Jewish Studies professor Gerald Steinacher
UNL professor Gerald Steinacher has worked with UNLPD to make sure his students are safe in class while learning about the Holocaust.

As the number of anti-Semitic occurrences increases around the globe, professors at the University of Nebraska-Lincoln have changed their curriculums to educate students about the growth of anti-Semitism.

“If someone is going to slur Jews, to make accusations against Jews, it’s my job as a Jewish historian to speak up about it and address things. Things that are misapprehensions or that are actual outright lies,” Judaic Studies Professor Stephen Burnett said.

Judaic studies professors Gerald Steinacher, Stephen Burnett and political science professor Ari Kohen have not made teaching about anti-Semitism a priority in a majority of classes relating to Jewish history.

With attacks on the rise and the topic making its way into the political spectrum, professors have found the need to make it a more significant focus in their curriculum according to Jewish Studies professor Stephen Burnett.

A few years ago, before the increase in anti-Semitic attacks, some professors had reservations about teaching students about the history of anti-Semitism.

“I actually was wondering for a while whether talking about the history of anti-Semitism, talking about the Nazis and the Jews, talking about earlier forms of anti-Semitism was in some way keeping it alive,” Burnett said.

Burnett’s belief changed after the ‘Unite the Right Rally’ an event conducted by a group of white supremacists and neo-Nazis, which took place from Aug. 11 to 12, 2017 in Charlottesville, Virginia. The protestors yelled anti-Semitic tropes such as “the Jews will not take over.”

In the past, most students did not know about the presence of anti-Semitism and its history.

“I really had the impression that students 8 or 9 years ago had very little idea of anti-Semitism. For most students, this was very abstract,” professor Gerald Steinacher said. “Now, in the last two to three years teaching the class about six years later, I don’t have to explain to students what anti-Semitism is because it’s happening. If they follow the news, they hear about anti-Semitic incidents.”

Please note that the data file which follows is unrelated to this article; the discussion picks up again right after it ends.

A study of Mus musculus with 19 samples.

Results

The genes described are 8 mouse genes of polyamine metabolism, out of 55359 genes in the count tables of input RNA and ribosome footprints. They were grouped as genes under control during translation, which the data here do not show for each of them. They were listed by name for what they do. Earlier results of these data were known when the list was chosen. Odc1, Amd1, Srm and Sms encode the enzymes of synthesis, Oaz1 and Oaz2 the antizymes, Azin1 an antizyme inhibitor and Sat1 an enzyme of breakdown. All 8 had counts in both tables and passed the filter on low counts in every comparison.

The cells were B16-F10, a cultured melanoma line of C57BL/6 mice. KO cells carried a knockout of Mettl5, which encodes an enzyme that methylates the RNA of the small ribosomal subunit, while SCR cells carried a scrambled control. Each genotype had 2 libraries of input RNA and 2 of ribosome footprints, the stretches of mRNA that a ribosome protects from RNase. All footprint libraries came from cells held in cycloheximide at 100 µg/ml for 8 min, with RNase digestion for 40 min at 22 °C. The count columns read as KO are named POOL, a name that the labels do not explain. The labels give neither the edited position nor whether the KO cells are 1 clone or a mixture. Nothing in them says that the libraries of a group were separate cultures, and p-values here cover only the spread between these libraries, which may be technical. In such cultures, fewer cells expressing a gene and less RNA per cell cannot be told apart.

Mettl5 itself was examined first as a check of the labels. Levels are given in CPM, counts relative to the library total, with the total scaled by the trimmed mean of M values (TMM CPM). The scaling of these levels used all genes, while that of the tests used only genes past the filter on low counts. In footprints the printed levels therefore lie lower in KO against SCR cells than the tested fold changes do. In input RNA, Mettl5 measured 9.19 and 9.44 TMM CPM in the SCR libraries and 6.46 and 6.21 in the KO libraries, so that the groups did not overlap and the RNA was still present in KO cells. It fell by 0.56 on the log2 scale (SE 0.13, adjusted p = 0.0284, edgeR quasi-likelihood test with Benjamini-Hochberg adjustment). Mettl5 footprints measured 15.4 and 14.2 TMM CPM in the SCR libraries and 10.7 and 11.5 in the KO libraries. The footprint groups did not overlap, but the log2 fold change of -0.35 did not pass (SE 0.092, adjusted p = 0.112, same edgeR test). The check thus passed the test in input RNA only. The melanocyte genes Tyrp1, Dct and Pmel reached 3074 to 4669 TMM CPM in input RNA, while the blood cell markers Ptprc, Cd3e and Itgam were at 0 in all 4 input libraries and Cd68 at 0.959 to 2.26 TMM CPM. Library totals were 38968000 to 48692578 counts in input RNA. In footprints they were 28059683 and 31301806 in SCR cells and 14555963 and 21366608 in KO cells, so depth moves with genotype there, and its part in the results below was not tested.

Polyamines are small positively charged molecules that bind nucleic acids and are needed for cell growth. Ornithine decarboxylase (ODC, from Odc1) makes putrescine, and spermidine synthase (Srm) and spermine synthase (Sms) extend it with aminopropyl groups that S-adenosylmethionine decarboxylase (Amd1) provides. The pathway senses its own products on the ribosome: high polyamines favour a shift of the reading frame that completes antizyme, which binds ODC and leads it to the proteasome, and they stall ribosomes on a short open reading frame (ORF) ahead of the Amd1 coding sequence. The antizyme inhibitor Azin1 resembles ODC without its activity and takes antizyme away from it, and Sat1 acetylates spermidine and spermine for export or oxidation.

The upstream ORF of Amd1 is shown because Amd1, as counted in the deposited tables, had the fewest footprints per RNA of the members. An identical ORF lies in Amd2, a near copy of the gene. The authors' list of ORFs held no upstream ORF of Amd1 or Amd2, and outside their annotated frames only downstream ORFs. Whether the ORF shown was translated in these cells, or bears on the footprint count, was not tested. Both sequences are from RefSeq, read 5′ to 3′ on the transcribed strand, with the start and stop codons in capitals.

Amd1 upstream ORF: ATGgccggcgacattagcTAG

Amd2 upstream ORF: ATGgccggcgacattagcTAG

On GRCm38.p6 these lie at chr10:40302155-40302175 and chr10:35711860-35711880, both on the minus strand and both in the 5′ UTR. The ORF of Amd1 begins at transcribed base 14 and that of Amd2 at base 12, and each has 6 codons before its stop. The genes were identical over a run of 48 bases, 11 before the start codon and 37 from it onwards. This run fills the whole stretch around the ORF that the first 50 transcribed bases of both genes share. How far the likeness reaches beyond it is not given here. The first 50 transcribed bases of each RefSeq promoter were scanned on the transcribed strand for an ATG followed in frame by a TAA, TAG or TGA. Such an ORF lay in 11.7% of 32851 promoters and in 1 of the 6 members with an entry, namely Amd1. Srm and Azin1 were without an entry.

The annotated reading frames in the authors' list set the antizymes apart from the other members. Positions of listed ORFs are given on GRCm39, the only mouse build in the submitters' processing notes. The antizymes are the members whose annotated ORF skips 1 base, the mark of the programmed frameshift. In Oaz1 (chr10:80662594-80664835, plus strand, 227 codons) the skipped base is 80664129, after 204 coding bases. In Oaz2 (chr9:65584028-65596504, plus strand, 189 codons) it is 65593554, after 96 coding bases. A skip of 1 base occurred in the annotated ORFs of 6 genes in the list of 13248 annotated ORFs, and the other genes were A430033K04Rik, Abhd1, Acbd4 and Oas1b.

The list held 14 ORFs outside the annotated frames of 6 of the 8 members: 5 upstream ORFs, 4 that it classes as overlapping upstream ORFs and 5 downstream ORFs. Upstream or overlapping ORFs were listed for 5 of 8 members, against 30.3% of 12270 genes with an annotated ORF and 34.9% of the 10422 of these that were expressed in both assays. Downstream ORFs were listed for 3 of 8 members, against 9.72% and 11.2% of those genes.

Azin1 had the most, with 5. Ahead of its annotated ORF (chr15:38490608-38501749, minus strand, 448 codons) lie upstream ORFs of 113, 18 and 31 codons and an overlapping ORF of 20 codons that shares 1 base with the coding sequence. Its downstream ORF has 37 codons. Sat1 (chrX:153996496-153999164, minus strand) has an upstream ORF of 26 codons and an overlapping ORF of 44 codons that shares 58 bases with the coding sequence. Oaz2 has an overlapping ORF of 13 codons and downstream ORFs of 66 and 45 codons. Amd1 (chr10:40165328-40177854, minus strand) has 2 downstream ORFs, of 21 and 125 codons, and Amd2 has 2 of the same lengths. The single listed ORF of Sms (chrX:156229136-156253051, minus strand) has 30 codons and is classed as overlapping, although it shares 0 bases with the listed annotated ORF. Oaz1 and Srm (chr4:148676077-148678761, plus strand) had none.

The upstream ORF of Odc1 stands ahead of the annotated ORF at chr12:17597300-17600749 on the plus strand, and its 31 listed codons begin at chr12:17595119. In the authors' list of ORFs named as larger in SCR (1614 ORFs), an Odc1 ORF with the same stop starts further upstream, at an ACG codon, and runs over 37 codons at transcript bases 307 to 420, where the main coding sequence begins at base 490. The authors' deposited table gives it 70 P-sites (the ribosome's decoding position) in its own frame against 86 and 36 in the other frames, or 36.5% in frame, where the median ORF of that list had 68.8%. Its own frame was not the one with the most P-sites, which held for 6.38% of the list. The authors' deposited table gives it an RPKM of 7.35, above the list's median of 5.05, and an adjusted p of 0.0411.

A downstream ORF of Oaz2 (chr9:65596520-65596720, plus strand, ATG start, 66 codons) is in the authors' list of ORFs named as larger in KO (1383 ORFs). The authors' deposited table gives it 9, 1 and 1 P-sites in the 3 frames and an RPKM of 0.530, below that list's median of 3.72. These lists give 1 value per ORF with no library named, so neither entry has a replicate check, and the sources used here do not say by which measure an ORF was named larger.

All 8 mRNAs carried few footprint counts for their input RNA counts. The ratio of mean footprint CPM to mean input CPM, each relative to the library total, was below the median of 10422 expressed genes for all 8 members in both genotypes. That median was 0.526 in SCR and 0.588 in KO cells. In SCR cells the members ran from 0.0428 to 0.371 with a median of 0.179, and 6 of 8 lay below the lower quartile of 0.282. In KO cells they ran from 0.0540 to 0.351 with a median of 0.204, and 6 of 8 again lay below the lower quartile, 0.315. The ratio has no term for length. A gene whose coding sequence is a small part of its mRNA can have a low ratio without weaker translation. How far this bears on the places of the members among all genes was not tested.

A focus of anti-Semitism education is teaching students about the inaccuracy of conspiracy theories regarding the Jewish people, which promote anti-Semitism, like George Soros controlling the media or the Rothschild family attempting to dominate the world.

“You have to have education. You need to teach people,” said Ari Kohen, a political science professor who teaches a class about Israel and the Middle East. “Young people, especially, you need to educate them about the fact of where these conspiracy theories come from that they are conspiracy theories that they are not in fact the truth about Jewish people. They are very damaging things. That kind of education takes a long time.”

Professors have worried about the protection of their students in classes. Steinacher works with campus police to make sure his students are safe and do not have to worry about their safety while taking his class about the history of the Holocaust.

“It’s just a common sense thing to do, given the current situation you need to be aware of it, more alarmed of it, you need to keep people informed who are working security and guarantee the students’ safety is guaranteed on campus,” he said.

It is impossible to prevent all anti-Semitism even with education. There are still ways to combat anti-Semitism.

Kohen said he believes that anti-Semitism has become a political weapon used to gain.

“The Republicans say the Democrats are the anti-Semites, and the Democrats say the Republicans are the real anti-Semites. That ultimately is bad for the Jews. Anti-Semitism is a problem on the left and the right,“ Kohen said.

Without a change in the public perception of anti-Semitism, violence will continue to rise, Kohen said. The acceptance of anti-Semitism cannot continue, according to Kohen.

“There has to be no room for that kind of belief system,” Kohen said. “There has to be no winking at anti-Semitism. We see a lot of winking at anti-Semitism and that’s a mess.”

I am a senior at the University of Nebraska-Lincoln, graduating in May of 2020 with a degree in Journalism and minors in English and Jewish Studies. My writing interests include Middle East politics and mental health.